Drone-Delivered Packages: Really?
The Amazon delivery drone in flight, dropping off a parcel -- but experts aren't convinced the idea can ever take off.
Even if Amazon CEO Jeff Bezos was serious, his surprise plan to deliver packages by flying drones probably won’t get off the ground for quite a while. That’s according to regulators and experts who have been watching the evolution of drone technology and politics from its earliest days.
“The challenge here is not the technologic capability, it’s figuring out how the law, the policy and the market all work together,” Peter W. Singer, a senior fellow at the Brookings Institute, told DNews. “There are a host of policy and legal issues to work out here; everything from de-conflicting airspace to licensing to insurance, to the threat side of this.”
Since drones were invented a few years ago, they’ve been used almost exclusively by the Pentagon and scientists. First, engineers built them to check on enemy territory, then configured to drop weapons, now to moving cargo -- such as the Marines' unmanned K-MAX helicopter ferrying supplies in Afghanistan.
The military’s deployment of drones in the past decade has paralleled their use by researchers to track endangered species, check on ripening crops or sample remote areas for environmental contaminants.
But Bezos’ announcement marks a tectonic shift. It’s the first time that a major business leader who is also outside the aerospace industry has touted drones as a purely commercial solution to the age-old question of how to deliver goods to customers quickly and accurately.
But here’s why you won’t see any hovering drone deliverers anytime soon.
The Amazon delivery drone prototype in action at the Amazon wearhouse, picking up a package.Amazon
Singer notes that small drones are currently illegal to operate in the United States, unless you have a special permit, fly them under 400 feet and are within the operator’s line of sight. Aside from universities, research institutions and a few police forces, the only commercial license for drone flight has been issued for a company surveying the Arctic.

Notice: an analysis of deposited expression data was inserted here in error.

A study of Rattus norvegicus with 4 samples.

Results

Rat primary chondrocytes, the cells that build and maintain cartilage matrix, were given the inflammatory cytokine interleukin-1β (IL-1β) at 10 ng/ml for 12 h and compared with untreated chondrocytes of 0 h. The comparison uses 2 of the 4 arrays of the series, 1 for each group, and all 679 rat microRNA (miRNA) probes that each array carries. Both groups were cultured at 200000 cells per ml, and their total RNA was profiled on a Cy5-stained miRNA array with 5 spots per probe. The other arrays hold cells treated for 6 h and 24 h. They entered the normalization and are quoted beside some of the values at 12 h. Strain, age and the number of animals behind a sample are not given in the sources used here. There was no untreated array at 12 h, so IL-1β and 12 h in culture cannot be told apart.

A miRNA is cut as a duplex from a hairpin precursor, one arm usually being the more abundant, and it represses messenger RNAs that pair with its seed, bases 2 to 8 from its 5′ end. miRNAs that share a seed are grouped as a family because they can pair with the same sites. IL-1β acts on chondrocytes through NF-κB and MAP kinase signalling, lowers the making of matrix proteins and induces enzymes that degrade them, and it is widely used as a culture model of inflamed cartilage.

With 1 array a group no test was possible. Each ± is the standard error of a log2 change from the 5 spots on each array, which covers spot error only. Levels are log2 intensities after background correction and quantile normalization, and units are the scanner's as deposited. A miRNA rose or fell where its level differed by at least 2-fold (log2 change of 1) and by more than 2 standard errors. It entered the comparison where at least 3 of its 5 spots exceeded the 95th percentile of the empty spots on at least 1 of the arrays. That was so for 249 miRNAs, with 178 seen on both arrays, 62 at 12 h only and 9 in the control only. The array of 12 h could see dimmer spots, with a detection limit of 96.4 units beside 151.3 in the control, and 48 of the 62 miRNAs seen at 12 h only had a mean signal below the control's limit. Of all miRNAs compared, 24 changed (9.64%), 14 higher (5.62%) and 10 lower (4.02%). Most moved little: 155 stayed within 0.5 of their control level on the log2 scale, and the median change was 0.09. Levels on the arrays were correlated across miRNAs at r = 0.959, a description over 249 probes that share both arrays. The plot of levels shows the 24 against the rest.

By 2015, the Federal Aviation Administration is required by Congress to have new rules in place governing drones and their integration into commercial airspace. But even big drone supporters say 2015 is too soon to figure out all the potential hiccups.
The FAA is likely going to examine the Amazon delivery video before the company can deliver a package four miles away. Also, flying craft will have to meet some performance characteristics, according to Ben Gielow, government relations manager at the Association for Unmanned Vehicle Systems International, a drone industry trade group based in Arlington, Va.
“There will have to be sense-and-avoid technology so you are sure it won’t crash into other airplanes, some kind of encrypted communications spectrum (and) you will have to have training for pilots. All of that stuff has not yet been established by the FAA,” Gielow said.
Then there’s the question of whether the public is ready for drones on the doorstep. Or whether Amazon will take its drones and start delivering packages somewhere else if the FAA rules take too long. Gielow noted that some European nations are already allowing small drone flights by commercial firms, including one in Switzerland that just made new high-resolution digital maps of the Matterhorn with a few drone aircraft.
“This Amazon announcement helps people understand how the technology could benefit them,” Gielow said. “Right now, folks don’t understand.”
In the meantime, the FAA soon plans to announce the location of six test sites around the country where it will be incorporating both drone and civilian aircraft, according to agency spokeswoman Alison Duquette.